A jar full of sugar in the raw

Different Types of Sweeteners Pt. 3: Sugar in the Raw, Splenda, & Sugar Alcohols



Sugar in the raw as a brand contains the same stuff granulated sugar is: sucrose. But the key difference between regular granulated sugar and sugar in the raw is that while both have refined sugar, sugar in the raw has some molasses left over from the refinement process. Molasses has a unique flavor, and is technically the term for the thin syrupy layer left over after water is used to extract the sugar from sugar cane or sugar beets.

Sugar in the raw mainly benefits from good marketing to achieve its healthy image.

Brown sugar still contains almost 96% sucrose (vs nearly 100% for white sugar), so the benefits of molasses are only something to slightly consider in the mix. Molasses does contain amounts of potassium, magnesium and calcium all the same, 3 things many Americans are deficient from. For the most part, sugar in the raw mainly benefits from good marketing to achieve it’s healthy image. But even though it isn’t necessarily healthier than sugar, it at least isn’t any more unhealthy. So while some sweeteners have the potential to have a host of negative side effects, at least with sugar in the raw you know it is not going to be any worse, and has the potential to actually be slightly better.


While pure sugar is sucrose, Splenda’s key chemical component is sucralose. Splenda’s marketing has always positioned it as having a lower caloric content than sugar, which is true. But what is not true is that it is a zero-calorie alternative. It in fact contains about ⅓ the calories of sugar itself per serving size. Splenda is also sweeter than sugar, meaning that a lot of what is in the packet is low calorie fluffing agents, which give it it’s white and fluffy appearance.

Splenda is unique for its ability to withstand heat in a similar way to sugar.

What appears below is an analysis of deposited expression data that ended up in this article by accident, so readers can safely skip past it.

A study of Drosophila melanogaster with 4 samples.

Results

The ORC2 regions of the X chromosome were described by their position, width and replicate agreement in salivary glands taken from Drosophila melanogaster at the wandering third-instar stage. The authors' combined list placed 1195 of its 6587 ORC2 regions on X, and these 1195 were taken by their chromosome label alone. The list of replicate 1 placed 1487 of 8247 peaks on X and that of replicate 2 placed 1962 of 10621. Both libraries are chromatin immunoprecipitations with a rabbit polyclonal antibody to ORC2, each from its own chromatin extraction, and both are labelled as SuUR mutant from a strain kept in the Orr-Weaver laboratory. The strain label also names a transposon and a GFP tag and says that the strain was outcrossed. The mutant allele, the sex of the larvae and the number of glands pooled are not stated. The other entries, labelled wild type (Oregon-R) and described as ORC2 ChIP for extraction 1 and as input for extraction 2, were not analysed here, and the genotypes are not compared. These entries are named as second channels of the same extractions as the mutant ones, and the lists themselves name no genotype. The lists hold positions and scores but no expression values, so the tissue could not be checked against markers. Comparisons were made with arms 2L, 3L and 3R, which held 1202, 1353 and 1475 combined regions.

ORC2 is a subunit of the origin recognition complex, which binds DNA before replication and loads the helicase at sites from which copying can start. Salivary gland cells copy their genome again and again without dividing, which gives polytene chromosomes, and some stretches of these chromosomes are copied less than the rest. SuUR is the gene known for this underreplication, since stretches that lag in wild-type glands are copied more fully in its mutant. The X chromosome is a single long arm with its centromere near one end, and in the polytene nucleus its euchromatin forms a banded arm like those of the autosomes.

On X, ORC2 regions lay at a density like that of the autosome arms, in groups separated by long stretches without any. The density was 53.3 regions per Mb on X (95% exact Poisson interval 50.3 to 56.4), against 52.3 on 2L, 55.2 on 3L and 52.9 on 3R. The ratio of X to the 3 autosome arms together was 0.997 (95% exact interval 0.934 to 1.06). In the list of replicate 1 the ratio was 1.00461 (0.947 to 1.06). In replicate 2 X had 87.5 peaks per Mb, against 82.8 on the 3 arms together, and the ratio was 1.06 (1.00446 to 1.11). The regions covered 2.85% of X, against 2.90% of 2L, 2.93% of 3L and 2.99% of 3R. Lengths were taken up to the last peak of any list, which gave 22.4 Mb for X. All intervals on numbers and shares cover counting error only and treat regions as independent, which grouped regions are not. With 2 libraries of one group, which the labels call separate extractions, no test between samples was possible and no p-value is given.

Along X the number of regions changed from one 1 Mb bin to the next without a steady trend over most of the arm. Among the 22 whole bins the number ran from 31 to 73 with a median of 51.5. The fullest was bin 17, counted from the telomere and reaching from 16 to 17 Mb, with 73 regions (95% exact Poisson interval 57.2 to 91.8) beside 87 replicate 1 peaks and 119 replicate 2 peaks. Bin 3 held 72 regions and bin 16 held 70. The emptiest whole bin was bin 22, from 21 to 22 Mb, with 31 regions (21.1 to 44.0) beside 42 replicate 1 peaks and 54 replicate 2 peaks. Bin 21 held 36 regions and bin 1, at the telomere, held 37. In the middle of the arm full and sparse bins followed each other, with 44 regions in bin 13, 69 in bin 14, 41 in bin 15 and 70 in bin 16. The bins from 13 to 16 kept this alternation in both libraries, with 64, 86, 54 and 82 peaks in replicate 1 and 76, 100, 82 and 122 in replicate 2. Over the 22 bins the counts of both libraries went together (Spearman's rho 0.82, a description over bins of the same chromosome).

So while it is true sucralose is low to no calories, what actually comes in a Splenda packet has dextrose, which while not being unhealthy, has a couple calories (only a few though, about 3-4). It is also unique for its ability to withstand heat in a similar way to sugar. This property makes it perfect for use in baking as well as high-temperature drinks like coffee. There have been claims that sucralose may have negative health effects, but tests have shown that the sweetener is not carcinogenic. The current evidence suggests that it does not have much of a negative health effect at all.

Sugar Alcohols

Xylitol, Mannitol, Sorbitol are all used as sugar alcohols. When people talk about sugar free foods having certain… negative health effects to go with their positive ones, this is what they meant. These are the sugar alternatives that have been known to occasionally cause gastrointestinal distress, and potentially bloating as well. But it at least does not cause tooth decay in the same way that normal sugar does. And though they have 10 calories per teaspoon, only half make their way into the body’s metabolism. This is the product normally used when food is marketed as sugar free, and is better for diabetics, at least in small amounts. As with anything sweet, moderation is key.

Hopefully now you have a better idea of the different types of sweeteners, what goes into them, how they taste, and their effects and benefits. And hopefully with this, you can make the best decision for you on what to put in your coffee next time you are sweetening your drink!